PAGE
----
Boolean SearchingDifferent Types of Searching:
Many databases offer controlled vocabulary or a standardized vocabulary. This is where a preferred word or keyword is used for describing and searching words and concepts. These words are selected for controlled vocabularies by specialists and they directly related to the subjects contained in the database’s collection.

Using words that describe what you are searching for, but which aren’t necessarily in a controlled vocabulary is known as free-text searching.

Wildcards and Truncation:
Using a wildcard symbol like *, #, ? or $ (depending on the database) will truncate your search terms to allow for broad searching. This can be combined with boolean searching to create a specific search.

For example: teach* will search the database for: teachER, teachERS, teachING

And you could do: student* AND teach* to get images of students and teachers or students teaching other students.

Use of Quotation Marks for Phrase Searching:
Using quotation marks around two terms allows for more specific searching than just boolean searching.

For example: “on campus” would yield better results than on AND campus as in this case ON might be considered a stop word by the database and be eliminated from the search returning too many images related to the word CAMPUS.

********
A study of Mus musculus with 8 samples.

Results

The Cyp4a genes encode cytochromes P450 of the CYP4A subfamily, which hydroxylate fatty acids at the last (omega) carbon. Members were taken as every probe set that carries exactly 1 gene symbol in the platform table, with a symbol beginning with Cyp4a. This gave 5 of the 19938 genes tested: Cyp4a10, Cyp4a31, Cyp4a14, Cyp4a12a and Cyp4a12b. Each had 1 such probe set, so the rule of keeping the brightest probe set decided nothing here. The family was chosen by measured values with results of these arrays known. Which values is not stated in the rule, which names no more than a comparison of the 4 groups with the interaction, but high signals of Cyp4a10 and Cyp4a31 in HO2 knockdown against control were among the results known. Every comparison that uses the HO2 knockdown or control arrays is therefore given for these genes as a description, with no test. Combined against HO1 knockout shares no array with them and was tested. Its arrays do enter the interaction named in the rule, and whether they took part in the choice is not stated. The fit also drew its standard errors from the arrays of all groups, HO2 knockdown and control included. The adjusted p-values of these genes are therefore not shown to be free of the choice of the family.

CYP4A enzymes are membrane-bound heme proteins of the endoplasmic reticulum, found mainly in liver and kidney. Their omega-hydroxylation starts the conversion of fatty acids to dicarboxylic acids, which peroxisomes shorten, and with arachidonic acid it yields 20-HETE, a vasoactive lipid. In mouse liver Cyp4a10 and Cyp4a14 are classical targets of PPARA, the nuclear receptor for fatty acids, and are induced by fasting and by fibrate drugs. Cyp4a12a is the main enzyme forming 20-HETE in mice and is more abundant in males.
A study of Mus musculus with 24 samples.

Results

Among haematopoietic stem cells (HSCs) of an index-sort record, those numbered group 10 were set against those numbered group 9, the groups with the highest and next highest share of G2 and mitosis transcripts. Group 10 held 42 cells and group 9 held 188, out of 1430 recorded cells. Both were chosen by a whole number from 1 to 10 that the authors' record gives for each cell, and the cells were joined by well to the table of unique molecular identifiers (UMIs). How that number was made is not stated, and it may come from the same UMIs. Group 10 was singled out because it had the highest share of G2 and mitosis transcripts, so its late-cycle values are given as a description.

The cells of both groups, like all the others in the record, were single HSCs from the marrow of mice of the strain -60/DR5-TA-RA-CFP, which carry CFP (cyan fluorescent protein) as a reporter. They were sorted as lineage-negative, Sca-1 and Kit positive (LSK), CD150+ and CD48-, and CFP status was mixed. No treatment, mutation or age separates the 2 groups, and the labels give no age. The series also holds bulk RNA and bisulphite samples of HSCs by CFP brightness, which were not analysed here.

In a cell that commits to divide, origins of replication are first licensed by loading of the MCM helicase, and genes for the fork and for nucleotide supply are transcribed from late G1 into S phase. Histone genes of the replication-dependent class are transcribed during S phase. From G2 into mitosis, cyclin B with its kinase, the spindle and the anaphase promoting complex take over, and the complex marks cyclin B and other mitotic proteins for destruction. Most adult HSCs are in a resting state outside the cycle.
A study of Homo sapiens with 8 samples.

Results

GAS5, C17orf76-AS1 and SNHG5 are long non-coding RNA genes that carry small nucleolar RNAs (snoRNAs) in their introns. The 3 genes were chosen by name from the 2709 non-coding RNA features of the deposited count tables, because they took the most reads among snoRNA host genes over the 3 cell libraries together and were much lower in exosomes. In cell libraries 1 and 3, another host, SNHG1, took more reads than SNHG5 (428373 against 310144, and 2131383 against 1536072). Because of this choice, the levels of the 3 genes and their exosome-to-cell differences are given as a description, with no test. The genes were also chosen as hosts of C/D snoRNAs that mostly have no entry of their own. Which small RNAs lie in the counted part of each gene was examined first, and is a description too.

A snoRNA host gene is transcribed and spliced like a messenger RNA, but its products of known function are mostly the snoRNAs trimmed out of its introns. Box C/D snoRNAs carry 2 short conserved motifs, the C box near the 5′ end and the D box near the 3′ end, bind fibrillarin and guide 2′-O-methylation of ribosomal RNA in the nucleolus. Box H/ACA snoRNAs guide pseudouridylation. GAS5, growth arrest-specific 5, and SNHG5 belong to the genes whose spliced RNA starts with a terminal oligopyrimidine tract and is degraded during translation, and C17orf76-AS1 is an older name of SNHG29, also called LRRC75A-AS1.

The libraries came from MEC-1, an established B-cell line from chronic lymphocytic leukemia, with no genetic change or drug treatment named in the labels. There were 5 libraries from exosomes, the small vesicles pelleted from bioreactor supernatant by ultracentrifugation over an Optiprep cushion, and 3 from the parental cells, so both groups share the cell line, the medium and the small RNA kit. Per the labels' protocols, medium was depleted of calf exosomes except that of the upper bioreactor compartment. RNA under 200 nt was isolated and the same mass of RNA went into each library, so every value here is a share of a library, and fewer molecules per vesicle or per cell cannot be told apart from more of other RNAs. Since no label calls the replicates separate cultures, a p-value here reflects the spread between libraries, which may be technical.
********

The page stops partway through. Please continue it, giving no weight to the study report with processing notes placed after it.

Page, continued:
Stop Words:
These are words that are unnecessary in a search. They are words like is, a, and of. These words are overlooked by a search engine because they are common in occurrence and would return too many results.

Refining Your Search:
Be aware of spellings of words. Some databases may only include British or American spellings. Also check names of people, like well known figures as their names or initials may be spelled inconsistently.

If you get too many results consider adding search terms to make your search more specific.

If you get too few search results consider adding synonyms or more generic terms.